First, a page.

Three Al Jazeera journalists face terrorism charges in Cairo court
Three Al Jazeera journalists faced with terrorism charges pleaded not guilty in a Cairo court on Thursday in a case that has been described as a "trial of journalism itself."
The trial for the three has been adjourned until March 5.
Peter Greste, Mohamed Fahmy and Baher Mohamed were seized in December, and are among 20 journalists on trial, 9 of whom work for the Qatar-based news agency, according to Al Jazeera. Prosecutors accuse the three of "spreading lies harmful to state security" and "joining a terrorist organization." Yet Heather Allan, head of news gathering at Al Jazeera English, previously explained, "We were doing nothing more than our jobs there that any one of our colleagues would be doing in Egypt at the moment."
Independent journalist Sharif Abdel Kouddous explained that "They’re the first terrorism-related charges being brought against journalists, and they are being... brought after the Muslim Brotherhood was declared a terrorist organization by the government last month."
The charges could bring prison sentences of five to 15 years.
"The charges against our staff are baseless, unacceptable and wholly unjustified," said Al Anstey, managing director of Al Jazeera English.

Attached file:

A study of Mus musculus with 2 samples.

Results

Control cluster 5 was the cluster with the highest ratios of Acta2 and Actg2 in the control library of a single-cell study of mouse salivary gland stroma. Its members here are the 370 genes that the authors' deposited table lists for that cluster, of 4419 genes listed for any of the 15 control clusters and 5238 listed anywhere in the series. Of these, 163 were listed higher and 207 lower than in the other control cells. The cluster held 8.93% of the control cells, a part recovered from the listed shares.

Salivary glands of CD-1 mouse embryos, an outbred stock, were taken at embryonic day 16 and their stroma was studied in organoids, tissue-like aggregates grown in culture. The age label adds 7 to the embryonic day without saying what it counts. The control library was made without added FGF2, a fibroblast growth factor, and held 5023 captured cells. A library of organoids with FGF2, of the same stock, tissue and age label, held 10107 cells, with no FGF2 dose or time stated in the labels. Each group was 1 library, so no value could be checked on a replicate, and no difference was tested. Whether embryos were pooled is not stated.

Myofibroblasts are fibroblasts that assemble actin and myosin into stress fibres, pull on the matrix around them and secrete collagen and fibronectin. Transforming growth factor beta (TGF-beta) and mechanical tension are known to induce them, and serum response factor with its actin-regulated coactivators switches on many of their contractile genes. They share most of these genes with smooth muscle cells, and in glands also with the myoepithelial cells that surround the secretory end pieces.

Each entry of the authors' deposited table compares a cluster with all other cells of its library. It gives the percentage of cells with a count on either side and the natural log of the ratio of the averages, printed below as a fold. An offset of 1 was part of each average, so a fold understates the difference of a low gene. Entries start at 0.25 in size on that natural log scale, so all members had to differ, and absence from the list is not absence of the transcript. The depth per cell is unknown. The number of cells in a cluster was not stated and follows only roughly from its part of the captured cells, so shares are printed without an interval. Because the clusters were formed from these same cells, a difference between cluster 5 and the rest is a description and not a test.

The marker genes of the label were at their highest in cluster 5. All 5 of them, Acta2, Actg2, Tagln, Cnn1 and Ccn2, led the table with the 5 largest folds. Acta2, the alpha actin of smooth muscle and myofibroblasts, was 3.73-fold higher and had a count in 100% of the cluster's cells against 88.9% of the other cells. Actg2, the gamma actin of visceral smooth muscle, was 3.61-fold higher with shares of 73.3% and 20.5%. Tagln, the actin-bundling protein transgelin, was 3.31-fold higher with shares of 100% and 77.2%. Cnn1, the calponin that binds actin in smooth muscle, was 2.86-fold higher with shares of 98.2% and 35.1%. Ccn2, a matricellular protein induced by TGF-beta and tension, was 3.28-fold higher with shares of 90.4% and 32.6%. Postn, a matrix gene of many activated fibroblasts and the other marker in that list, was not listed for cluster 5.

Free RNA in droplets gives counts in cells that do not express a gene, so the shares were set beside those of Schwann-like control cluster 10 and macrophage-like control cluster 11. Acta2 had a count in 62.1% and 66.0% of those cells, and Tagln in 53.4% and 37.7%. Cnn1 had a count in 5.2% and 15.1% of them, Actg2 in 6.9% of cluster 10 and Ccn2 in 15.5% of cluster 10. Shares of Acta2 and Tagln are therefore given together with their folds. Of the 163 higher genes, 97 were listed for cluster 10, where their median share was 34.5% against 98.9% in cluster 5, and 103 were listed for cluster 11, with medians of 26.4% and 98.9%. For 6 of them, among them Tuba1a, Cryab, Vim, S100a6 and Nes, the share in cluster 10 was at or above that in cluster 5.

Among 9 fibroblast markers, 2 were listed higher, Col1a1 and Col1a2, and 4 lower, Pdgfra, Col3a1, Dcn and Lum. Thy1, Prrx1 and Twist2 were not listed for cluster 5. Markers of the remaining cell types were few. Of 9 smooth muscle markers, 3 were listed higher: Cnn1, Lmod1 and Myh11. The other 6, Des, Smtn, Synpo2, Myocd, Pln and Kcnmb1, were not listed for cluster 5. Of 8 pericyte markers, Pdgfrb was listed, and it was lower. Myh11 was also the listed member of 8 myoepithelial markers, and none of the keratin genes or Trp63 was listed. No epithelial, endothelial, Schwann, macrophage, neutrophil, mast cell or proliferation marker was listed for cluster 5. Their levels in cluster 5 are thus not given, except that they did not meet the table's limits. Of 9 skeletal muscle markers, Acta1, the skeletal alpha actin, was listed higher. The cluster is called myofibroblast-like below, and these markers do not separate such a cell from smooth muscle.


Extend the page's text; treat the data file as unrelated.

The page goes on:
"What is going on in Egypt right now is a trial of journalism itself, so it is critical that we remain resolute in calling for freedom of speech, for the right for people to know, and for the immediate release of all of Al Jazeera's journalists in detention in Egypt," Anstey said.
Al Jazeera is calling for February 27 to be a global day of action to focus pressure on the journalists' release.
"Journalists should not have to risk years in an Egyptian prison for doing their job," Joe Stork, deputy Middle East director at Human Rights Watch, said in a statement issued Thursday. "The prosecution of these journalists for speaking with Muslim Brotherhood members, coming after the prosecution of protesters and academics, shows how fast the space for dissent in Egypt is evaporating."
Representatives of international news organizations issued a statement last month calling for the immediate release of journalists detained in Egypt, writing, "The arrest of these journalists has cast a cloud over press and media freedom in Egypt. We strongly believe that upholding the rights of journalists and permitting the free flow of information is vital to bringing about greater understanding and serves the best interests of all Egyptians and the world.
In its latest annual assessment of attacks on the press, the Committee to Protect Journalists ranked Egypt as the third-deadliest country for the press, and noted the country's threats, harassment and detention of members of the press throughout 2013.